European stock markets are mixed on Thursday, the FTSE 100 is eking out a gain while the Eurostoxx index is slightly lower. We expect to see some variety in performance as we lead up to the payrolls report on Friday. Commodity prices are key for UK stocks right now, and with Brent crude oil edging towards $90 per barrel, the focus is on the UK’s energy sector.

Powell still matters for markets

The soothing tones of Jerome Powell who spoke at Stanford University on Wednesday, were enough for the markets to breathe a sigh of relief and for the S&P 500 and the Nasdaq to break their losing streaks so far this month. The Fed chair said that the Fed remained data-dependent, but that the latest inflation figures should not stop the Fed from cutting interest rates. He also reaffirmed his view that rates should be lowered at some point this year’. This helped stocks and bonds to move higher, with bond yields pulling back. The 2-year yield dropped 7 basis points, although it is still 9 basis points higher than it was last week.

The timing of US rate cuts remain unclear

Overall, the reassurances from Powell are important, and the fact that he can move the markets shows two things: 1, his speeches still have the power to move the dial for markets, especially when the outlook is unclear, and 2, what he says matters, even if the inflation and labour market data has been surprising on the upside, the prospect of interest rate cuts are still in play. On the back of Powell’s comments, there is now a slightly higher chance of a June rate cut from the Fed, with a 61.5% chance, according to CME’s Fedwatch tool. This is up from a 55% chance a week ago. While this suggests that there is still a sizeable number of people who think a June cut is a possibility, the market is not overwhelmingly convinced, and the timing of the first hike remains up in the air.

Nonfarm Payrolls: What to watch out for on Friday

The key near term risk for the interest rate outlook is the non-farm payrolls report for March, which is scheduled for release on Friday. The market is expecting a 213k reading for payrolls for last month. The overall trend in recent months has been for payrolls to remain within a range 145k, the low from October 2023, to 300k, the high from December. Any deviation either on the upside or the downside of this range could change the outlook for interest rates. However, we think that a reading around the level expected is unlikely to materially change interest rate expectations in the US and won’t have a major impact on markets. A key driver of US jobs growth recently has been education and health services, so this sector will be worth watching closely.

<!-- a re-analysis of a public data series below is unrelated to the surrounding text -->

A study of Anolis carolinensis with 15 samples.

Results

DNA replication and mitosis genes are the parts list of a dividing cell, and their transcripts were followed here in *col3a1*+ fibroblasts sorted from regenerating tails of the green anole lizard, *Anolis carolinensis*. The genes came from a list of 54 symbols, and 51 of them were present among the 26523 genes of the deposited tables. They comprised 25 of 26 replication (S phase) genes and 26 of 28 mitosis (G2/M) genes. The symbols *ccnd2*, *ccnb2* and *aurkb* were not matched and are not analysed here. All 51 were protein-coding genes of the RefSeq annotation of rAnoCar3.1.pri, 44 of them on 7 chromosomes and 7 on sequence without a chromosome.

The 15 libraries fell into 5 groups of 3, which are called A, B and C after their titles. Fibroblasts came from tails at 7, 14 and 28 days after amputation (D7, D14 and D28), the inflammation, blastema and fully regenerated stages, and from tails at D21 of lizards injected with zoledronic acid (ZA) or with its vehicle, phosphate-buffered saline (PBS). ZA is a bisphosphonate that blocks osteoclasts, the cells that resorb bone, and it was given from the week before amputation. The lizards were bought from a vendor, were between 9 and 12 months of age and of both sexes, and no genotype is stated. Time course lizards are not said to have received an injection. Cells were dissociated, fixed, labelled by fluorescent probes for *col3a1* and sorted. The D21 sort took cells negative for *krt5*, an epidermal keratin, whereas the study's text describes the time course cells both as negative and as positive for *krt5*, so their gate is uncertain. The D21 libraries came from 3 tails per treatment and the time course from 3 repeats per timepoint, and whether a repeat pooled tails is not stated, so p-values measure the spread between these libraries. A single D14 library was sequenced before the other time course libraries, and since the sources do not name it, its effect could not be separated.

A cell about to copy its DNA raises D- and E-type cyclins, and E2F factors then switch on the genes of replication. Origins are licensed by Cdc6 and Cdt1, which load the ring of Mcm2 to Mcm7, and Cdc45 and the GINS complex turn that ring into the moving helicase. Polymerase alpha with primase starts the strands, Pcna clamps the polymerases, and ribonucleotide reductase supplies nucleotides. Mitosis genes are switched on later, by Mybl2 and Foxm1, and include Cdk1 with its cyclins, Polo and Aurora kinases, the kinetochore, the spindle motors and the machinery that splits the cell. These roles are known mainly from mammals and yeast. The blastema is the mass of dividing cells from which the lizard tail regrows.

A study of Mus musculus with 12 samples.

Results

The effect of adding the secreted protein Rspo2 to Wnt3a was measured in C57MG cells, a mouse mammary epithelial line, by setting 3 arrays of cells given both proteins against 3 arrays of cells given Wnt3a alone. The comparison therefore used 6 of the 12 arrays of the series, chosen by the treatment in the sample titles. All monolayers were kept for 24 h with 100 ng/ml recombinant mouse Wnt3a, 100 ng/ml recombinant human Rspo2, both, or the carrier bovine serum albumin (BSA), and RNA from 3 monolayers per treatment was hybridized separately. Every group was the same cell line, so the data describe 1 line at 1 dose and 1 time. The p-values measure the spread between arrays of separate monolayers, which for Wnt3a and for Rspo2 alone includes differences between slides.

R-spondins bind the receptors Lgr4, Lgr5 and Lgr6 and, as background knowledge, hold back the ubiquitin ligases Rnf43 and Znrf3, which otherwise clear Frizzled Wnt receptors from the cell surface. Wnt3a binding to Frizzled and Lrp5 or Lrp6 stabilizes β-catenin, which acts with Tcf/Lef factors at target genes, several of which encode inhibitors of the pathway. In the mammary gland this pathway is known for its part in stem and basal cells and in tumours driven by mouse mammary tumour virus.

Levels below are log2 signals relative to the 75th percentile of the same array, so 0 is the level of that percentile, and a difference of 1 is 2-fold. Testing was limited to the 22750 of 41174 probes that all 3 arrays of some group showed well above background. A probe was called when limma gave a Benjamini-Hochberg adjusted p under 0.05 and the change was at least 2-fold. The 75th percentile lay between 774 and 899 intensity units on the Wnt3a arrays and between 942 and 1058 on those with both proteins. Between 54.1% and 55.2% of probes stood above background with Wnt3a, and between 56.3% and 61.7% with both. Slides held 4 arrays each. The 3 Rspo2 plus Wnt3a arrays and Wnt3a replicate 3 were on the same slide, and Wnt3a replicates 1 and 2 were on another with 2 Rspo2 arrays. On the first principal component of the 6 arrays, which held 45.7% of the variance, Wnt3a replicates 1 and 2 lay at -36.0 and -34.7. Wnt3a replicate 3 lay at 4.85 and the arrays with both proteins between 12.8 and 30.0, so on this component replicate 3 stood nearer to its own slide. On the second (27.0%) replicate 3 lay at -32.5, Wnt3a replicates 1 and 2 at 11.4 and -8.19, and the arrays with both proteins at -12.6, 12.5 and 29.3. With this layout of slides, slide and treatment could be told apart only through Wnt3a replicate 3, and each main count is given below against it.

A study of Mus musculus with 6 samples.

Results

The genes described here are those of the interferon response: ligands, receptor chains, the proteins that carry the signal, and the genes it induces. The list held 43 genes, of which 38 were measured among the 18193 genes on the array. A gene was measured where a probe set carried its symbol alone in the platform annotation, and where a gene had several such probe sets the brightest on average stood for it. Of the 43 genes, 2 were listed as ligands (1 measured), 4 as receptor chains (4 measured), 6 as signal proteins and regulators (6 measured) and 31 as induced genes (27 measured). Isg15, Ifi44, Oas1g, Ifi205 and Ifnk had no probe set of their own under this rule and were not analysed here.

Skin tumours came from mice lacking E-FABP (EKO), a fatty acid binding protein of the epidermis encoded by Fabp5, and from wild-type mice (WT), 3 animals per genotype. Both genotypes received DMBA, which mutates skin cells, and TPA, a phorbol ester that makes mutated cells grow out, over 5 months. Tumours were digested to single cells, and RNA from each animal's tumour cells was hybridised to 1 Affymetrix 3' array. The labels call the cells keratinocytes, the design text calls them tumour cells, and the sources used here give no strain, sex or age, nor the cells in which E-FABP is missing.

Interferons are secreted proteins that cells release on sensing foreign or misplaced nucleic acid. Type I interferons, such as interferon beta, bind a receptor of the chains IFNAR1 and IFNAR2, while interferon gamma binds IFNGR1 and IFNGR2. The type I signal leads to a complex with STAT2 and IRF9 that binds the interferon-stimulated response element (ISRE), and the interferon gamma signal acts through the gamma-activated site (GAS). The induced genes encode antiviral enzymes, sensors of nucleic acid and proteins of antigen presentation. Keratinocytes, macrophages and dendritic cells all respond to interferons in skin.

The FTSE 100 gets a boost from commodity prices

The FTSE 100 has mostly been able to dodge the worst of the sell-off this week and is registering a small gain at the start of Q2. The large number of oil and gas and mining companies in the FTSE 100 have boosted the index, as commodity prices have been on a tear higher. Brent and WTI oil are higher by 3.8% and 5% in the last 5 days, while aluminum and copper are up by more than 4% each. Coffee is the best performer in the agricultural commodity space and is higher by 8%. The gold price also briefly breached the $2,300 mark on Wednesday – a new record high – although it has pulled back to $2,296. The gold price appears to rally every time there is a  rise in expectations of rate cuts from the Fed. We expect this theme to continue to drive the gold price in the near term, and the precious metal could be volatile as we move towards the Non-Farm Payrolls report on Friday.

Stocks: The changing of the guard

The uptick in commodity prices has meant that miners such as Fresnillo, Glencore and Anglo American are leading the FTSE 100 so far in April, and are higher by 11%, 5% and 4% respectively. Shell and BP also have had a decent showing and are higher by 4.6% and 3.2%. There has also been a changing of the guard in the US stock market space so far this month. Paramount is leading the pack, followed by Micron Technology and then three energy companies: Marathon Petroleum, NRG Energy and Phillips 66. So far in Q2, the best performing stocks support the FTSE 100, whether or not this continues, or if Nvidia and the other tech giants come roaring back, could depend on the outlook for commodity prices and the Q1 earnings season.

Economic data watch

Ahead today, the final reading of the UK PMI service sector survey for March is released, along with 1-year CPI expectations and new car registrations. In Europe, PPI and the final reading of PMIs are in focus. In the US, initial jobless claims, challenger job cuts and the trade balance are worth watching. However, all eyes will be on Friday’s payrolls report, due to its significance for the Fed and the timing of interest rate cuts.

FX watch: The Dollar slips as commodity currencies come roaring back

The dollar has slipped this week, and the dollar index dropped sharply on the back of the Powell's comments on Wednesday. The biggest gainers vs. the USD this week include the Nok, SEK, AUD and NZD, which are higher by 2.6%, 1.7%, 1.6% and 1.4%, respectively. The NOK, AUD and NZD are commodity currencies, so it is no surprise that they are rallying alongside the rally in oil and industrial metals. The Swiss franc in the weakest performer in the G10 FX space so far this week. It fell further on Thursday after a weaker than expected CPI report for March. The annual rate of CPI was 1%, down from 1.2%, while the core rate also fell to 1%. The Swiss National Bank was the first of the major central banks to cut interest rates last month, and with inflation readings like this, it has room to cut further. This may keep downside pressure on the CHF in the coming weeks.